Thursday, March 26, 2009

On the Importance of Big Questions

I originally wrote this entry on August 31, 2004, and published it on

Engineers are used to solving problems. That's what we're trained to do at school. That's what we are hired to do, and that's what some of us love to do.

Some engineers are also very good at asking the big questions of their time.

Take James Gosling as an example.

I've worked at Sun for more than five years now but I've never had the privilege of meeting him in person or talking to him in any appreciable length of time. So, what I say here is based purely on my own conjectures and black-box views of who he is and what he does. When I came to Sun, James and I occupied second floor offices on the opposite corners of a Cupertino building which now carries an Apple sign. Of course, his office was much, much bigger than mine, perhaps three times the size. Nevertheless, there's something about him that had already fascinated me. He had asked the right and the big question of his time in the world of computing ! ! !

Here's a socket; here's a piece of executable code; how do I read the code off the socket and execute it in my environment?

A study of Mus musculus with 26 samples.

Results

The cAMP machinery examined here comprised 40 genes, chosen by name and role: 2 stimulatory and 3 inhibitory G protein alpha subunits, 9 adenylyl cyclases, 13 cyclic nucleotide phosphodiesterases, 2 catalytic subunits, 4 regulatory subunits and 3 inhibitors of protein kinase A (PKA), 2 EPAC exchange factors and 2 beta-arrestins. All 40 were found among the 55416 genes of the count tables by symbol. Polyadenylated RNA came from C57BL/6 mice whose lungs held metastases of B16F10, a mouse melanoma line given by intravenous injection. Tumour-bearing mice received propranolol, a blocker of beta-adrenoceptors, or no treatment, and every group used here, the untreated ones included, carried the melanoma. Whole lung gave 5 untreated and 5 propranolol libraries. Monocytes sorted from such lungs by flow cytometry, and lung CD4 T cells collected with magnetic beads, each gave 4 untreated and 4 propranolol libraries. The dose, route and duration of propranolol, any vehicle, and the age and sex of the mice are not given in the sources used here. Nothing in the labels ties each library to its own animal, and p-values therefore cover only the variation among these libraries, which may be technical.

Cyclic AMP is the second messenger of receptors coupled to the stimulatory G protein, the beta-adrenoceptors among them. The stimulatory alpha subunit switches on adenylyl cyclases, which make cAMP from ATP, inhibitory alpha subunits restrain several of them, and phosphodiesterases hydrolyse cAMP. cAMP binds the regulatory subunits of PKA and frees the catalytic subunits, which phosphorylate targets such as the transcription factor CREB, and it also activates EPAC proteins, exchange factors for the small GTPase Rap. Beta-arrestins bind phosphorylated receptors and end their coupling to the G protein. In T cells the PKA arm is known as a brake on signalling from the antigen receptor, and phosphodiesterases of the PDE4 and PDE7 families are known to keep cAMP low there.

From that big, but very simple, almost elementary question flowed the necessity of having a virtual machine, a type-safe language and an automatic garbage collection environment. Finally, to make it all appealing to developers, there had to be some basic libraries to work with. Hence, the JDK.

Everyone else rode the wave that Gosling created when he asked his elementary question.

Innovation is about asking that simple but big question that no one else dares or cares to ask.

For example, the simple but big question of economics is "why not only one firm instead of many"? (See the works of Oliver Williamson.)

The simple but big questions of philosophy are "why is there anything when there can be nothing?" or "what is being?"

The simple but big question of physics could be "why does the apple fall to the ground?"

To ask a simple but big question, we need to leave our immediate world in order to unfold the worlds around us.

James left the world of the single-computer computing, took a look at networking and collaborative environments, and asked his big question. He steped out of the world of data communications to take a peek at the world of code communications.

What are the next simple but big questions we need to ask?

Oh . . . one more thing . . . Usually, to ask a simple but big question, we need to be part of a small and dedicated community of people who are focused on the same interests. I'm not sure who James collaborated with but I know he had a team here at Sun, and I know he was well-connected to the academic community outside of Sun and I know he has a favorite garbage collection book, a reference to which he used to post on his internal web site. All of this must have helped him in asking his big question.